Mechanical Engineering Schools

I am a mechanical engineering student transferring from a community college to a University. My top choices that I have been admitted to are UCLA, UCSB, and UC Davis. All of the schools offer programs in my interest, and UCLA is probably the best of them, but I really don't want to live in LA. Will the school that I go to really effect my long term career? Can anyone give any advice on any of these schools? I feel that they are all good schools that will provide a quality education. I am just struggling with ranking the importance of the actual school ranking and the geographic location that would suit my life style. Is it detrimental to my career to attend a school that is ranked a little lower than others that I got into just because I don't like the area that the "best" school is in? Any feedback is appreciated.


The school that you go to will affect your short-term career. In general, local schools tend to serve local demands. They contact local employers and slant subjects towards local needs. Sometimes the teachers are employed by, or consult for local employers. So you are more likely to find employment in the cities bordering your chosen school.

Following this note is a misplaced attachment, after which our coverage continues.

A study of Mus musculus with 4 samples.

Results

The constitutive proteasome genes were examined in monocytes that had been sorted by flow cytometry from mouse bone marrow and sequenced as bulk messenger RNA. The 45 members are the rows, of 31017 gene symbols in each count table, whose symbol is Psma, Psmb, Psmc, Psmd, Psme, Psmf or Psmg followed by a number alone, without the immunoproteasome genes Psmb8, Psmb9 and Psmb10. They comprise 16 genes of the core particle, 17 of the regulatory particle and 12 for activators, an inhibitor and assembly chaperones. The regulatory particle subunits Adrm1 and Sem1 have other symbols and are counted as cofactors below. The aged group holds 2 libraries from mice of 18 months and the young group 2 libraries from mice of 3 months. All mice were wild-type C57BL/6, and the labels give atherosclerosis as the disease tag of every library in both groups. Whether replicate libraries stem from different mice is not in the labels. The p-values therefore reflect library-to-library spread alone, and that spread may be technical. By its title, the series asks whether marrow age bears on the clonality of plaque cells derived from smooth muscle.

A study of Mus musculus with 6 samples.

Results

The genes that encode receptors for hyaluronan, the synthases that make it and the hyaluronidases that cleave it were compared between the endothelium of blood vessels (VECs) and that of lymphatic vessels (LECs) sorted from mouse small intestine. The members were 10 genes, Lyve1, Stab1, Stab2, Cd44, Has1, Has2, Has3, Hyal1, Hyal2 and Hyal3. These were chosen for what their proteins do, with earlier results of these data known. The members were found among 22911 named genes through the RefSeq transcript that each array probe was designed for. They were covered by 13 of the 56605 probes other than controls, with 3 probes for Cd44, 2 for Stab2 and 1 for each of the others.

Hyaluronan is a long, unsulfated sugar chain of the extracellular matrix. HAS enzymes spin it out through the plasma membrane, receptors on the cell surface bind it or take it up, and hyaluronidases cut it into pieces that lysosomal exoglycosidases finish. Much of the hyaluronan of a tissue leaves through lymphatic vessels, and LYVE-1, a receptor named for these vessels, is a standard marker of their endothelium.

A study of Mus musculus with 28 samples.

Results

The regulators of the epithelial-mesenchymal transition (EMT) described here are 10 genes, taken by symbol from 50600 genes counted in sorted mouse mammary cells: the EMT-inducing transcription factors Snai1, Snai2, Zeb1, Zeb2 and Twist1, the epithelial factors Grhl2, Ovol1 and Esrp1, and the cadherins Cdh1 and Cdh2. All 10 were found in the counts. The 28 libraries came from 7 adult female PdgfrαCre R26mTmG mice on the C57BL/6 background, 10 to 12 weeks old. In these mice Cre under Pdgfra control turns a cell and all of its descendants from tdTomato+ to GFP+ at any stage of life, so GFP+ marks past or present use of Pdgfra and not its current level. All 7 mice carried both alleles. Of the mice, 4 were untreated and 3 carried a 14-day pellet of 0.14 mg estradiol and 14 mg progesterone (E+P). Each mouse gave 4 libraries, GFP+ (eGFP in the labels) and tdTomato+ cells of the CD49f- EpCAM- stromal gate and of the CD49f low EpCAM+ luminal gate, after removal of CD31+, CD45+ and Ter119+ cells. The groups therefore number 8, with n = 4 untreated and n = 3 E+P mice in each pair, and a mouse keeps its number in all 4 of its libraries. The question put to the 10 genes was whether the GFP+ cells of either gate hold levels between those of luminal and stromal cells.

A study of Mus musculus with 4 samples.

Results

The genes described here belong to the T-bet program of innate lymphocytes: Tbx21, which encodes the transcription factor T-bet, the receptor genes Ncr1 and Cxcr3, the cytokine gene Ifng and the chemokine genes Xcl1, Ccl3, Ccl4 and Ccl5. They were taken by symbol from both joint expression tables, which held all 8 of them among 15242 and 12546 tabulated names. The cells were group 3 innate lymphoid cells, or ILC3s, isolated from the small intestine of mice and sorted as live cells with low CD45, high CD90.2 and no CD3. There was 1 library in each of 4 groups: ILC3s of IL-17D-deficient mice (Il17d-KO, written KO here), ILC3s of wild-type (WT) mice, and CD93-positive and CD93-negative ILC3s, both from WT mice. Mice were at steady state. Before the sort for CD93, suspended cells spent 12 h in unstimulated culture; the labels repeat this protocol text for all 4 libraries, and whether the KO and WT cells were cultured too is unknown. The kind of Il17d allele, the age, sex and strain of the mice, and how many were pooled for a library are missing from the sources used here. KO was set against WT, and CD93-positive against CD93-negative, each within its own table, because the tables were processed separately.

What you do after school will have far more to do with your long-term career than what school you get your undergraduate degree from. And I don't mean that as a tautology. I mean the jobs you take and the accomplishments you do early on *at work* are stronger pillars in the foundation of your career.

David A. Smith


For most employers, my achievements at Northern Illinois University were substandard. However, after completing my Mechanical Engineering coursework, I took a job as a detail drafter and moved up from there. I've taken 3 promotions in two years. The school that I went to had little to do with my career. However, if I had tried to start working for a Fortune 500 company instead of a small company, they would have preferred someone from a more well-reknowned school.

If you want to go after jobs right out of school at big companies, get good grades at a school with a well-known program. If you want to work your way up and rely on your talents instead of your school's name, go to the school that fits your learning style and talents best.



Thanks guys, I appreciate your time in answering my questions. It was helpful!